BEIJING — Yang Xiaodu was elected director of the national supervisory commission on the morning of March 18 at the ongoing session of the 13th National People’s Congress.
Yang, born in 1953, is currently a member of the Communist Party of China (CPC) Central Committee Political Bureau and deputy secretary of the CPC Central Commission for Discipline Inspection (CCDI).
He is the first director of the national supervisory commission, the national agency of a new anti-graft and supervisory network that was endorsed by the constitutional amendment about a week ago.
The revised Constitution, adopted by the 13th NPC on March 11, first listed supervisory commissions as a new type of state organ.
As the supreme supervisory organ, the national supervisory commission oversees local commissions, which have a similar setup.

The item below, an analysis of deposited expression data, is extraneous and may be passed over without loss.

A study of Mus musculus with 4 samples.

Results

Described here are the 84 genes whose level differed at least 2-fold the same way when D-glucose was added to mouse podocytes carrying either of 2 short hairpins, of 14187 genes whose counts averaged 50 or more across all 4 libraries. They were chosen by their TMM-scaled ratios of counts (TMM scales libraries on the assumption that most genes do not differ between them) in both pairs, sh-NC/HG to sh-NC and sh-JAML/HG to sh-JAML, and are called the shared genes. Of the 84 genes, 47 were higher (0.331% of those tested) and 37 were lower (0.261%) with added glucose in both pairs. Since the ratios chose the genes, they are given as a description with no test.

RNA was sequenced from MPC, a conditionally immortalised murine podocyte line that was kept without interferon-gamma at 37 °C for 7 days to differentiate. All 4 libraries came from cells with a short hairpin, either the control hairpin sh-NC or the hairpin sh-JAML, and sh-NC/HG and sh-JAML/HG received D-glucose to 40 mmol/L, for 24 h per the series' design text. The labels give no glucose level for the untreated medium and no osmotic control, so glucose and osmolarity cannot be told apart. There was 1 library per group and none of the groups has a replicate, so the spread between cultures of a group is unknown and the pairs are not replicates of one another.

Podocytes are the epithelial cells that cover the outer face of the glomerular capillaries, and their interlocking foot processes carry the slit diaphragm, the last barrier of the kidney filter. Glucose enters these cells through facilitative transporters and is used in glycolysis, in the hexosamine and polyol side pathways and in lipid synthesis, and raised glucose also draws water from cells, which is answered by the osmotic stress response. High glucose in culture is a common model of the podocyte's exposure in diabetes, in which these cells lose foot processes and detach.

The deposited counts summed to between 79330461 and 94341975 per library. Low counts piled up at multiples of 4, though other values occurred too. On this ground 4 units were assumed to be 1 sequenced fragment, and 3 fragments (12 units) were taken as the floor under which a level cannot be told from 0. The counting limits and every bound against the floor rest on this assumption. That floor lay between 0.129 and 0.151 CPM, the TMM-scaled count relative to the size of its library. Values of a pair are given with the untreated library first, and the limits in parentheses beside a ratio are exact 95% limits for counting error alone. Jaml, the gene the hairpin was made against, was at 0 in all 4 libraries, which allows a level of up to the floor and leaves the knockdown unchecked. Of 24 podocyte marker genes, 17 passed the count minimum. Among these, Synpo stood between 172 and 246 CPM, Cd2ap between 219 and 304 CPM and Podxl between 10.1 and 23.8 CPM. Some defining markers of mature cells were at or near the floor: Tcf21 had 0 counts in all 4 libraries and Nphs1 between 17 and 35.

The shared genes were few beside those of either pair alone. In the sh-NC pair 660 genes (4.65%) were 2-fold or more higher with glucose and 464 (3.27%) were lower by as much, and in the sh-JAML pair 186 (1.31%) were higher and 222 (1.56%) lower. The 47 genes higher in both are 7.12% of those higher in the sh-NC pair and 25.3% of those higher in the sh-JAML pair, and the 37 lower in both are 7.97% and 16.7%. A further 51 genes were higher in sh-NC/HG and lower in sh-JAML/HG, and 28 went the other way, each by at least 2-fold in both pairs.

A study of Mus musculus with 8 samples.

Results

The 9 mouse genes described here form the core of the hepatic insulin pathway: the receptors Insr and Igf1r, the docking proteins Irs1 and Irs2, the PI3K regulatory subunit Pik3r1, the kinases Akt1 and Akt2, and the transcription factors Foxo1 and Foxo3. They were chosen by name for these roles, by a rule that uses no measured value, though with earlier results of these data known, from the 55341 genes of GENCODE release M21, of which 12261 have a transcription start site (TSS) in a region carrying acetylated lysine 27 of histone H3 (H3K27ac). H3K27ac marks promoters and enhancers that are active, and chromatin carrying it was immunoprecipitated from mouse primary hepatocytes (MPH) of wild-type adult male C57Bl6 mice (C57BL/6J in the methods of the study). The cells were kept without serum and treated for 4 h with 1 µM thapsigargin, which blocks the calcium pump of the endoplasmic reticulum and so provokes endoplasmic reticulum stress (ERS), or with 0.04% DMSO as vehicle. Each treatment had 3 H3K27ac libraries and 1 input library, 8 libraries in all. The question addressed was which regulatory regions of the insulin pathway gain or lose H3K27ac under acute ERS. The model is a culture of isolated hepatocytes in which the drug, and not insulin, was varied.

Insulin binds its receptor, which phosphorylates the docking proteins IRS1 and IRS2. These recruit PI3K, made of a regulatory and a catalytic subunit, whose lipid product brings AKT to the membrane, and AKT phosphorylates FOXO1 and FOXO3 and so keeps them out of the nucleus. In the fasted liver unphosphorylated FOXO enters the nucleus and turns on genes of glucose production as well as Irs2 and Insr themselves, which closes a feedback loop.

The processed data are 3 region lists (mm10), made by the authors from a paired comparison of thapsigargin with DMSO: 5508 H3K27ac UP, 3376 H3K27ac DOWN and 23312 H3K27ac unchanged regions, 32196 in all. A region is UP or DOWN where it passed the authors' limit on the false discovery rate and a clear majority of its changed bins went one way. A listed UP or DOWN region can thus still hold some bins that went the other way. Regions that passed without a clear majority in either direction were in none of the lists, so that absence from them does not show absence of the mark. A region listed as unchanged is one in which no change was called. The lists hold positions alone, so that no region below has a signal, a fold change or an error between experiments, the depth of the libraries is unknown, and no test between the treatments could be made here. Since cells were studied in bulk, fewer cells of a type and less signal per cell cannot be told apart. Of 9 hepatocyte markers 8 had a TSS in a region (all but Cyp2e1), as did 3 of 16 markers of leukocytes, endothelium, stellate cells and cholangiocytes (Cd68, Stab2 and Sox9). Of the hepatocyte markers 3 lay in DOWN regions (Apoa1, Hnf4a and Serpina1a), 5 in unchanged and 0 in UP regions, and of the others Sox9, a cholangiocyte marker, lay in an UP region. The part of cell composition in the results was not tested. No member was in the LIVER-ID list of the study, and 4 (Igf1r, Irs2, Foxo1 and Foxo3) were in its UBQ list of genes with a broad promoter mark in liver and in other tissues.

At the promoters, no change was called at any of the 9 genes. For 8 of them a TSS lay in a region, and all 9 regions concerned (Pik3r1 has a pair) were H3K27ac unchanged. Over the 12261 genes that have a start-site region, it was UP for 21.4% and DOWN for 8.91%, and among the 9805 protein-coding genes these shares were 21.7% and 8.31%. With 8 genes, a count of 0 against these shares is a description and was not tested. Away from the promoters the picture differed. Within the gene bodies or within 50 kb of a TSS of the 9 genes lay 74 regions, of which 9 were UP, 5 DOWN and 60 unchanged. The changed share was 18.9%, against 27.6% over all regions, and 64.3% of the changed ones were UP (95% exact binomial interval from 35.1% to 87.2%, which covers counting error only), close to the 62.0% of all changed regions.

Yang’s taking office marks a vital step for the country’s sweeping reform of supervisory system. A pilot reform program began in Beijing, Shanxi and Zhejiang in December 2016 and expanded nationwide in November 2017.
Sharing offices and staff with Party disciplinary inspectors, the newly founded supervisory commissions incorporate existing supervisory, corruption prevention and control agencies within governments and procuratorates.
Yang had headed the Ministry of Supervision and the National Bureau of Corruption Prevention until an institutional restructuring plan of the State Council, adopted on March 17, decided to merge the two agencies into the national supervisory commission.